It’s been one of those days today, I feel terrible, and it’s all about one of my customers. I won’t go into too much detail but, my customer was far from delighted and, it comes on the day that I have to submit this blog. Ironically, I am writing about customer experience.

Jeez I can certainly pick my days, but my feelings of regret gave me the realisation that we are not immune to making mistakes however, the difference is I want to make it better.  I thought about The Lorax from Dr Seuss’s books, who said “Unless someone like you cares a whole awful lot, nothing is going to get better.”

Everywhere I turn there are companies screaming out for new customers. On my tube journey home last night there were ads plastered across the inside curve of the tube wall from a bank, in fact my bank, a bank I have been with for over ten years. The flash and attractive ads were offering a ‘cash for custom’ incentive for opening up a new bank account with them. What about me I thought? Your loyal customer for many years?  Have you forgotten about me? Where’s my incentive for not switching?

This may well be an example of how a customer can be negatively affected by something as rudimentary as a fairly common advertisement on public transport. I assure you that my feelings towards the ads would have been quite different had my bank bothered to develop a meaningful relationship with me after I became their customer.

The term customer experience is starting to become such an overused phrase, but what exactly does it mean? To some it means getting what you need when you need it and delivered promptly with empathy and succeeding in the all-important ‘first call resolution’. For me, this also includes admitting mistakes and turning around a bad experience which, is one of the main differentiators.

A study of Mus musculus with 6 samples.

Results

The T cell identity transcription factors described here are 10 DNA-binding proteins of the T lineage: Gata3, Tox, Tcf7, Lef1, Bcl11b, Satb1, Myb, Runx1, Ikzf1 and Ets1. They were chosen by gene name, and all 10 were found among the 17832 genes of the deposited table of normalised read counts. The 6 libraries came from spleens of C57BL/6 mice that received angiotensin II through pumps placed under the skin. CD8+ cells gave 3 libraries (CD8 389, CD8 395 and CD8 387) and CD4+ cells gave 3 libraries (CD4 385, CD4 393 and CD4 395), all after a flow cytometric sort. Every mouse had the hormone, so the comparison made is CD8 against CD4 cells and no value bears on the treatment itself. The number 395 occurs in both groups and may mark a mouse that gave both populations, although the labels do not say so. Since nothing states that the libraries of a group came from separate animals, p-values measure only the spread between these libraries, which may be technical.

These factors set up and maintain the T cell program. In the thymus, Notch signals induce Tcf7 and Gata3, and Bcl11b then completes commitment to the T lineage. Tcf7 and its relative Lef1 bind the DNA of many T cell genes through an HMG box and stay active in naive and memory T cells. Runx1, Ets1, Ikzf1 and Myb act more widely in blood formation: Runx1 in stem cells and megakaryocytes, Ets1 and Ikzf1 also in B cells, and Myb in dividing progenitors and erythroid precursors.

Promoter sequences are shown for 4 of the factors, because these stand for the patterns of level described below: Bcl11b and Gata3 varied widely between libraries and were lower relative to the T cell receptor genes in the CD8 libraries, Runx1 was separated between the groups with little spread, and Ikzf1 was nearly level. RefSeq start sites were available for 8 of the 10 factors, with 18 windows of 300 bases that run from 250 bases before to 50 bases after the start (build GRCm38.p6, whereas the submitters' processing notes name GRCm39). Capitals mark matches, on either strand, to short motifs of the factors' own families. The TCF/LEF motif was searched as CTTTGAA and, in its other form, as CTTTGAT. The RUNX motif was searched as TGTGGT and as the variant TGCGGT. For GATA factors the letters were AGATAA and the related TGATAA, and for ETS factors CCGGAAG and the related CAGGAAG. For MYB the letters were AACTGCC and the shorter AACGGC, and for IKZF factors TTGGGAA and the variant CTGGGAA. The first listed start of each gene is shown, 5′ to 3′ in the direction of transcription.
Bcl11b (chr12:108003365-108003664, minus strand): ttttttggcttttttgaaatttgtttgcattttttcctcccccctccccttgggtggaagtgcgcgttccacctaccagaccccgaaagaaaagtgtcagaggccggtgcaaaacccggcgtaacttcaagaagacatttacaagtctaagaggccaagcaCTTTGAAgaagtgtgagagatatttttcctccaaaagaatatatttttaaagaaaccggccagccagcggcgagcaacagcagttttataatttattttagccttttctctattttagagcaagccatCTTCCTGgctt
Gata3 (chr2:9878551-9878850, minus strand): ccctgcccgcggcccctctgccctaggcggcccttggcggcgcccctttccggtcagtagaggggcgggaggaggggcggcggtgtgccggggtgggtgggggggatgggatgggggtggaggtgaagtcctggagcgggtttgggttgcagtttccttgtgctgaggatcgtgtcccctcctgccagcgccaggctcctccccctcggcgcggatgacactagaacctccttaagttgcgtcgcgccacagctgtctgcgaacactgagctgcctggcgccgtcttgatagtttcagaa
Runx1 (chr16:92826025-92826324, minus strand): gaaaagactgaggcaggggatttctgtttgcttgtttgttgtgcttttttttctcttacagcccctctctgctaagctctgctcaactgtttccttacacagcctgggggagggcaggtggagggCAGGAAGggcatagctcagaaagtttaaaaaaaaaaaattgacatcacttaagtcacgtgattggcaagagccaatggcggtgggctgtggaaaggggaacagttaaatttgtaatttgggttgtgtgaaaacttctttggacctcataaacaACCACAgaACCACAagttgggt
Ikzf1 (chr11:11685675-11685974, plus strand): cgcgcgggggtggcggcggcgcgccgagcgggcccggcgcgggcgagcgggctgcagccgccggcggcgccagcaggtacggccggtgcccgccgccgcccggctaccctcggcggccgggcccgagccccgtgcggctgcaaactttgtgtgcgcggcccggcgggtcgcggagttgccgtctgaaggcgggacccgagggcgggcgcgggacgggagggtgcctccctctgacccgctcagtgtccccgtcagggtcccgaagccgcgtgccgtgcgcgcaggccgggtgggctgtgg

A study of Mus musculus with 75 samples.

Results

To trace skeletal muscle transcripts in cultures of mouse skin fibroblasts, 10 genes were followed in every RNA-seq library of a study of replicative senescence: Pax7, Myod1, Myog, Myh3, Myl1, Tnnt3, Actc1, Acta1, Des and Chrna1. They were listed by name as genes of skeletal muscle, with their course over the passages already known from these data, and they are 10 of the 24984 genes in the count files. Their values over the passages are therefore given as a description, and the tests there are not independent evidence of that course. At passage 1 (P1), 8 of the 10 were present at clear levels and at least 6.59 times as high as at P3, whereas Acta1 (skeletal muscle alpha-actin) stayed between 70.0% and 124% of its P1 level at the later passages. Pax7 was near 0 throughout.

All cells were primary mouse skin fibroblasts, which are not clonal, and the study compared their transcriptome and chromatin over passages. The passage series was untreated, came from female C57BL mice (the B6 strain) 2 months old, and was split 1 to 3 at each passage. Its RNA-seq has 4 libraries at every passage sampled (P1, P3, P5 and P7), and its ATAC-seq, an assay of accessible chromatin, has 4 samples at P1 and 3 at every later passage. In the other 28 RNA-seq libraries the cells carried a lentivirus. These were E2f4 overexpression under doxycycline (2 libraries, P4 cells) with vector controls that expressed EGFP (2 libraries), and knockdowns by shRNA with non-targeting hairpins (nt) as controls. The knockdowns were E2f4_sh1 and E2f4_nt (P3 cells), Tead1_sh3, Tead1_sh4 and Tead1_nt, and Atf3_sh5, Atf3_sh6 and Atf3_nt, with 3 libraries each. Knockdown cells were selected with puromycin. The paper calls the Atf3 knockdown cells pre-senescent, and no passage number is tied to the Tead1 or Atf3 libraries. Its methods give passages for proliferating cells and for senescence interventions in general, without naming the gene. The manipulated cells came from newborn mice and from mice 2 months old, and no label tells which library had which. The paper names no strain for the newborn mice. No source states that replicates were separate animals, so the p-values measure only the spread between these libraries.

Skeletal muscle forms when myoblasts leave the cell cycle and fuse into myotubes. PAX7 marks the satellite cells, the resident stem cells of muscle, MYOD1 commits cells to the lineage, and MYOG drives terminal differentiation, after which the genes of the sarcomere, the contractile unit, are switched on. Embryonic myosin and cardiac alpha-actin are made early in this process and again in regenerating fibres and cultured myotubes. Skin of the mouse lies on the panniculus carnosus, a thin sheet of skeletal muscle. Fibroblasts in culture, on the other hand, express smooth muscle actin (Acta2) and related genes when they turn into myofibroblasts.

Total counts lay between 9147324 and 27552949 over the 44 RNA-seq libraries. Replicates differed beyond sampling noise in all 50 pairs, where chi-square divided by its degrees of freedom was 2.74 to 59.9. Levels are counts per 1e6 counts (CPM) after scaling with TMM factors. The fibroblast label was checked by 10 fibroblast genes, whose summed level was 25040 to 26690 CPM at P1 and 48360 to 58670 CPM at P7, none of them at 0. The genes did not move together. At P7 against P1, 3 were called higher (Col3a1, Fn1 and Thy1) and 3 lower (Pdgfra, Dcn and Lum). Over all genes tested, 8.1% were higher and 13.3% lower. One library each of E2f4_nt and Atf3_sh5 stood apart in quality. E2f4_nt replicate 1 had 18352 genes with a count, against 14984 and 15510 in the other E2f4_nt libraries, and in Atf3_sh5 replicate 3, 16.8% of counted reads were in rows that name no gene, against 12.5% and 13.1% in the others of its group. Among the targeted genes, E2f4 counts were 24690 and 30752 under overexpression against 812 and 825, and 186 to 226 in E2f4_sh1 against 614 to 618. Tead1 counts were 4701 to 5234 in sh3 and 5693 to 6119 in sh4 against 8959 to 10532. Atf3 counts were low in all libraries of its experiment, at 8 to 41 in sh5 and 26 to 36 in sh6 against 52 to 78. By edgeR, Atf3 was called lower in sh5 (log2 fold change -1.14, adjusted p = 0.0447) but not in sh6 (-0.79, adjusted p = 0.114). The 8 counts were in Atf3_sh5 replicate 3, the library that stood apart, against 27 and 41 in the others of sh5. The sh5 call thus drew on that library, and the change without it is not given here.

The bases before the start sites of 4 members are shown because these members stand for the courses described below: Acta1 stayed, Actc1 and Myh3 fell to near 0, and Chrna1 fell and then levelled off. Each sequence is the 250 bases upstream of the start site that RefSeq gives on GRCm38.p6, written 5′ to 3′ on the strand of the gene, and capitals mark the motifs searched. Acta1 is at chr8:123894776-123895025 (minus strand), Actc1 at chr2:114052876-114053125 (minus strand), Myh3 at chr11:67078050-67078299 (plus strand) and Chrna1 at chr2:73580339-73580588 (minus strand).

McKinsey, the world-famous consultancy firm, recently reported that the savviest executives and the brightest of CEOs are asking themselves what customer experience really is and how it relates to their business. Leading companies understand that they are in the customer experience business, and they understand that how an organisation delivers for customers is beginning to be as important as what it delivers.

Executives can now gain rapid insights into building customer loyalty, and by empowering employees, investing in their professional development and generally making employees happier, companies are seeing an improvement in revenue gains and a reduction in costs. This is all well and good, but it takes vision, patience, guts and investment to train an organisation to see the world through the customer’s eyes.

As you can probably tell, I am extremely passionate about customer service and am therefore thrilled to be a judge at the forthcoming UK Customer Experience Awards in London on 11 October and I am honoured to be in a position where I can gain insight into the companies entering, and learn about all the ways they have improved their customer experience.

Now in its ninth year, the UK Customer Experience Awards has become one of the biggest customer experience events in the world, celebrating and recognising organisations who strive on a daily basis to deliver an outstanding level of customer experience.

As someone who cares greatly about the continuous improvement of customer experience and the progression of customer engagement, I feel it is both reassuring and inspiring that so many companies are taking customer experience seriously and want to be recognised for the effort they have put in to changing the way they work, enabling technology, investing in their people and understanding that a contented, happy customer, becomes a loyal customer, which in turn increases profits.

I’ve no doubt that my role as a judge will be both challenging and rewarding and, I look forward to reading the many submissions and gaining valuable insight into how UK companies are spearheading this all-important movement to improve customer experience in its many guises.